The long-awaited goods and services tax (GST) bill is likely to be passed this year and this new indirect taxes regime is likely to be rolled out from April next year, says an HSBC report.
New Delhi: The long-awaited goods and services tax (GST) bill is likely to be passed this year and this new indirect taxes regime is likely to be rolled out from April next year, says an HSBC report.
According to the global financial services firm, the increased presence of smaller parties could also help push through other pieces of legislation like the Bankruptcy Code and the RBI Amendment Bill (which formalises inflation targeting).
"We believe the BJP?s chances of passing the GST Bill are improving and think it will be passed in 2016, ready to be rolled out from April 2017, especially as the government has made changes to make it more amenable to other parties," HSBC said in a research note today.
GST is a long-awaited and important piece of legislation that aims to simplify and standardise India's tax structure. The GST Bill requires an amendment to the constitution, for which a two-thirds majority is needed in each house of Parliament.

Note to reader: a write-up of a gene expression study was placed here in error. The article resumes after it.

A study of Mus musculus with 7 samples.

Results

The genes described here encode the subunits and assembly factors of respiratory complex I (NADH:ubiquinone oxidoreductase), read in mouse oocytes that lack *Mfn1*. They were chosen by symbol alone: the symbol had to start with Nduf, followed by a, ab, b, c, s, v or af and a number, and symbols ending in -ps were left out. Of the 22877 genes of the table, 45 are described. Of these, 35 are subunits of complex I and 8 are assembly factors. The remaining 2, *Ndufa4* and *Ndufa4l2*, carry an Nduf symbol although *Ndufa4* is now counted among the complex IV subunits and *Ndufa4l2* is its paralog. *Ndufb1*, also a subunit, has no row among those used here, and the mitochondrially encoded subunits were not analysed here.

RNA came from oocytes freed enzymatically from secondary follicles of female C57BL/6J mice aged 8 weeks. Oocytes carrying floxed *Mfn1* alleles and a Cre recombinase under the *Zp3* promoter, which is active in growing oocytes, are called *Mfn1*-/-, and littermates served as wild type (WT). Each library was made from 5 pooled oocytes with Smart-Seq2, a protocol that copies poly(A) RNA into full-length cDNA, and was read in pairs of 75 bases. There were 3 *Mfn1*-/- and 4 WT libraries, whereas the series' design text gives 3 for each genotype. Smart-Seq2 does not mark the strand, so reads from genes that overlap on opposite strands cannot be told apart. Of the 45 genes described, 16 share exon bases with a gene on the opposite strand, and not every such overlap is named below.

According to the global brokerage firm the balance of power in Rajya Sabha or the Upper House, may change over the summer and this could create an opportunity for the ruling BJP to pass important pieces of legislation.
Four states and one union territory of India - Tamil Nadu, Kerala, Assam, West Bengal, and Puducherry - are holding elections over April and May. The results are due on May 19.
A third of the members of the Upper House step down every two years. Over the rest of 2016, significantly, 56 out of 245 members will be up for re-election.
This is important because the BJP lacks a majority in the Rajya Sabha. A change in the balance of power could help the BJP push through long-delayed pieces of legislation, such as GST bill, HSBC said.